While reading Mark Bittman’s op/ed, “Is Junk Food Really Cheaper?” in The New York Times, I found myself nodding in agreement with most of his commentary. But while I agree that junk food is not the budget-friendly alternative to a healthy lifestyle, I also think that we are living in difficult times. All food is expensive when there are too many bills to pay and not enough money to pay them.
There was a time in 2003 when I would go to the grocery store and simply gaze at the beautiful vegetables, the cheeses, chocolates and cookies, the deli counter, and the ice creams. Then I would pick up some canned vegetables and bread before walking back home, dejected. Seeing the colorful bounty of the grocery store, and not having more than a few dollars in my pocket, was depressing. By contrast, one cold night I bought a hamburger from a popular fast food chain and I cannot even describe how it lifted my spirits as I ate, and shivered, under a genial bus shelter.
When I truly had so little to spend it was clear that fast food was the more expensive option. Of course it was also unquestionably detrimental to my health. I didn’t buy another one of those hamburgers. When I had a little more money I started planning meals a week at a time, and researched recipes to use the cheapest produce. Because I knew how to cook, I learned to stretch my food budget.
Healthy and affordable meals
Diana of dianasaurdishes is much more than a food blogger who can stretch a budget. She is an expert on creating financially sensible, delicious, and nutritious meals. She is also dedicated to improving the health of her community and using social media to convey the message that a good diet and a limited budget do not have to be mutually exclusive concepts.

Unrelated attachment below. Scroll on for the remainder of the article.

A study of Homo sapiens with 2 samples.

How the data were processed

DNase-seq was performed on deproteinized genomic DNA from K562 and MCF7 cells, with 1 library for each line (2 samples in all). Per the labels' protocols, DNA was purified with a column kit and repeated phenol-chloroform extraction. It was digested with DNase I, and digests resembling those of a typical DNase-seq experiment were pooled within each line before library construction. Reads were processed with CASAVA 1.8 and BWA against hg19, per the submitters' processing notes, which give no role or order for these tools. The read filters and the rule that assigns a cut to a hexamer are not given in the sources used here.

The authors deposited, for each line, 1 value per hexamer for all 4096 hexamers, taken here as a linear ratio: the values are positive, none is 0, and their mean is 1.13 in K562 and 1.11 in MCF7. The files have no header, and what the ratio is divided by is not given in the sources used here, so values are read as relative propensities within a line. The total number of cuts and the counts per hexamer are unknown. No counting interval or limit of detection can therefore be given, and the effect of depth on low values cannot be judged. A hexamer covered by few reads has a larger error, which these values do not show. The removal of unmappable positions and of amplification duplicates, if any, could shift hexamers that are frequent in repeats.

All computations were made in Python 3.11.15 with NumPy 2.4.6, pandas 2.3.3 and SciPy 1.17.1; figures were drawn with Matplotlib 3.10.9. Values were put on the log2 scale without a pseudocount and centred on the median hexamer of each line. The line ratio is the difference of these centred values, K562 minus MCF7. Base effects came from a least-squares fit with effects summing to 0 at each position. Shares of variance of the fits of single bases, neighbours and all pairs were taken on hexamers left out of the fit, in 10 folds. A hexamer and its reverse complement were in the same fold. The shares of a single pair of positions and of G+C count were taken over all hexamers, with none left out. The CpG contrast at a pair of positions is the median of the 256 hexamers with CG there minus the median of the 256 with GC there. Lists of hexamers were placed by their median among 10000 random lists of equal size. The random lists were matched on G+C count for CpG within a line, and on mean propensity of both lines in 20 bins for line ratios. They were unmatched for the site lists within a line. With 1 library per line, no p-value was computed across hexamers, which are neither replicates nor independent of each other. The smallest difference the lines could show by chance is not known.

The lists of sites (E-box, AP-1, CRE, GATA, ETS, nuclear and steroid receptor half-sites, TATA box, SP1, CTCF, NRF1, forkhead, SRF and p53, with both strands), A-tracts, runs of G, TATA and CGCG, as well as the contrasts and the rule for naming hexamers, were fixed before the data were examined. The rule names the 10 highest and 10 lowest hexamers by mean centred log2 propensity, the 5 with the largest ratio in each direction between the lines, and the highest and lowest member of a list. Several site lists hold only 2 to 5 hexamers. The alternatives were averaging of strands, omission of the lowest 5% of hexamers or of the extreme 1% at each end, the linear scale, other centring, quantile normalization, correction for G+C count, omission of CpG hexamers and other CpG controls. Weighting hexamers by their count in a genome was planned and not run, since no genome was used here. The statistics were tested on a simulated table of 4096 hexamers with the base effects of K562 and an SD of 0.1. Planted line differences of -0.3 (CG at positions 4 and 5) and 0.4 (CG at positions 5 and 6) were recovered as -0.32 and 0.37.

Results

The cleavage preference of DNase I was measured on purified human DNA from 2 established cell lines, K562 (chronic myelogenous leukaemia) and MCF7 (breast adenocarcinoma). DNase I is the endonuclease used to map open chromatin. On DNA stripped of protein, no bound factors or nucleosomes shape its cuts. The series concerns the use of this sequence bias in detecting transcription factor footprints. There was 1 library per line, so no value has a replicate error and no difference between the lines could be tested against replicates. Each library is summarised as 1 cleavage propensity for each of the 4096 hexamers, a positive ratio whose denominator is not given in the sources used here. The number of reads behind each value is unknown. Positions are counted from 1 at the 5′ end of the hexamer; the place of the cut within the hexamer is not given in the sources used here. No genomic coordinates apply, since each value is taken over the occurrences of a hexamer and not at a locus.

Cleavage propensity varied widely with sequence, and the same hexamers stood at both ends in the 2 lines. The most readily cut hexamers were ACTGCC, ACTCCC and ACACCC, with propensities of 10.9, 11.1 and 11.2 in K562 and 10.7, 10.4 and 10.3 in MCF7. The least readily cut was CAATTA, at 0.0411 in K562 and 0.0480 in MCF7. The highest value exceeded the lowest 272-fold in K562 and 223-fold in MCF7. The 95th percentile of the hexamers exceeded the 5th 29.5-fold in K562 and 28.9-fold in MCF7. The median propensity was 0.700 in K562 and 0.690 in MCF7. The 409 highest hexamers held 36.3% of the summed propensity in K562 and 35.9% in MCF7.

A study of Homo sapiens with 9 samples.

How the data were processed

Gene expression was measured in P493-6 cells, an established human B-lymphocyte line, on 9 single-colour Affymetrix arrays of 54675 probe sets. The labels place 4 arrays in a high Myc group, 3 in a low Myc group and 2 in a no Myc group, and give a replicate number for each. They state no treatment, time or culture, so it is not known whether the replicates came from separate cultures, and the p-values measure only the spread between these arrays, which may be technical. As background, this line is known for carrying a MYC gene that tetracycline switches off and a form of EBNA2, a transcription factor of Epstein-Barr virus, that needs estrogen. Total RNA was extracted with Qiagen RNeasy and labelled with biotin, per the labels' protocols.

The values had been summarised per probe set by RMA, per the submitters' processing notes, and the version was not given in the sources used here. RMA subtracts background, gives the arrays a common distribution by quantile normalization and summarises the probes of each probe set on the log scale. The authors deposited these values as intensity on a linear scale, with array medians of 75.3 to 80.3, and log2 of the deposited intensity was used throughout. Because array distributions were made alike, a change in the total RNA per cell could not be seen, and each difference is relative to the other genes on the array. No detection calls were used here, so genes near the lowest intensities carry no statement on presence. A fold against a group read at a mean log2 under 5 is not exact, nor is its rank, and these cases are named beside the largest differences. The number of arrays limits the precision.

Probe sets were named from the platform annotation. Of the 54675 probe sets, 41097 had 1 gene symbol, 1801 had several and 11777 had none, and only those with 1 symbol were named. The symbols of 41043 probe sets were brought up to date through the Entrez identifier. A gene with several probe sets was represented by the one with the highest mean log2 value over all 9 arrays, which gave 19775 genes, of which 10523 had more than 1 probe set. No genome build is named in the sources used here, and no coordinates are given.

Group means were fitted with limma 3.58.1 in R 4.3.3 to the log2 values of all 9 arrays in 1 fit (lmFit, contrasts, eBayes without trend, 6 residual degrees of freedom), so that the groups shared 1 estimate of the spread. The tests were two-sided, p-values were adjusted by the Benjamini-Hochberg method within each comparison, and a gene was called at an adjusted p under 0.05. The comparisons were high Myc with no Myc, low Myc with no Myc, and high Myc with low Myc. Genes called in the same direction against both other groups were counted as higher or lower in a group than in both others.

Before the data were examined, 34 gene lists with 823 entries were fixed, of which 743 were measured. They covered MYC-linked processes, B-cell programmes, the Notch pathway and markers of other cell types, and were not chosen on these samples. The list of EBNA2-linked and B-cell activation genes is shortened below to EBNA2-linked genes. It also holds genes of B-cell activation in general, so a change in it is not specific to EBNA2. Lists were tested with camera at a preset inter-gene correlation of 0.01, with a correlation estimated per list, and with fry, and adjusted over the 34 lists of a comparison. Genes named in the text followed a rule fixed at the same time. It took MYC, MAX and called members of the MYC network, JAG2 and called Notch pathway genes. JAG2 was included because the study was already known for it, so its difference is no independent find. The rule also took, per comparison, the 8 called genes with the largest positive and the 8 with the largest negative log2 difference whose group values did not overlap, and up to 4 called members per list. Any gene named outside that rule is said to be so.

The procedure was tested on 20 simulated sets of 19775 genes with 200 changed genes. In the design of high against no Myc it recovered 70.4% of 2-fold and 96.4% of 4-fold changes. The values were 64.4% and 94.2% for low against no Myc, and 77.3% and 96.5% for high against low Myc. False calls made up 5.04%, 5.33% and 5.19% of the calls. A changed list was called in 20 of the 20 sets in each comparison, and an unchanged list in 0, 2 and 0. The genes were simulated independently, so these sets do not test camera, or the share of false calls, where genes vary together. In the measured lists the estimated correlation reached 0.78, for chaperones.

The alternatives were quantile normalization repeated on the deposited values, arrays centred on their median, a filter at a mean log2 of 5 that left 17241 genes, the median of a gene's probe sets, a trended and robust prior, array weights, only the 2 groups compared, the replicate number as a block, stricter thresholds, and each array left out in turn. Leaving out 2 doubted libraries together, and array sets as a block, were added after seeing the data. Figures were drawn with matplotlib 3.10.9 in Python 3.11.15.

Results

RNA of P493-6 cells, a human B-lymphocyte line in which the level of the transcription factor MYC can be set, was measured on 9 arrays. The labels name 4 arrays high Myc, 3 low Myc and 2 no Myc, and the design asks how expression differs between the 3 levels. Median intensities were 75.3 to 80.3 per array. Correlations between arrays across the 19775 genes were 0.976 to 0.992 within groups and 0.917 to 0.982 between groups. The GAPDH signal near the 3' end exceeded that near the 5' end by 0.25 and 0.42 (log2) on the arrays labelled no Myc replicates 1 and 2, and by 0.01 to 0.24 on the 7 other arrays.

Diana works on the Healthy Cooking on a Tight Budget Program to provide FREE classes at her local YMCA in Auburn, WA. I hope to attend one of these classes sometime but for right now I trust to her blog for money-saving tips and healthy meal inspirations.
It is literally a good investment to take a close look at Diana’s blog posts for her money saving suggestions. She will tell you where she shops, how much she spends, and the cost per serving for each recipe. In addition, she demonstrates creative ways to save cash without sacrificing flavor. It definitely requires some time, effort, and comparison shopping to save money on good food but it is worth it!
Healthy eating and living with pain
I don’t leave grocery stores depressed anymore, but I still plan every meal for a week and at the end of that week there is virtually zero wasted food. I also go to sites like dianasaurdishes.com to help me get the most nutrition possible for my dollar. Its especially important when I am in pain. The basics of food and water, exercise, and sleep can make the worst days more bearable.
Btw, to stay on budget I do cut out most snacks and pre-packaged foods. But not ice cream — I cannot part with ice cream. Or cheese.
Next on my list to try is Diana’s Creamy Swiss Chard and Goat Cheese Soup. Its 37 cents per serving!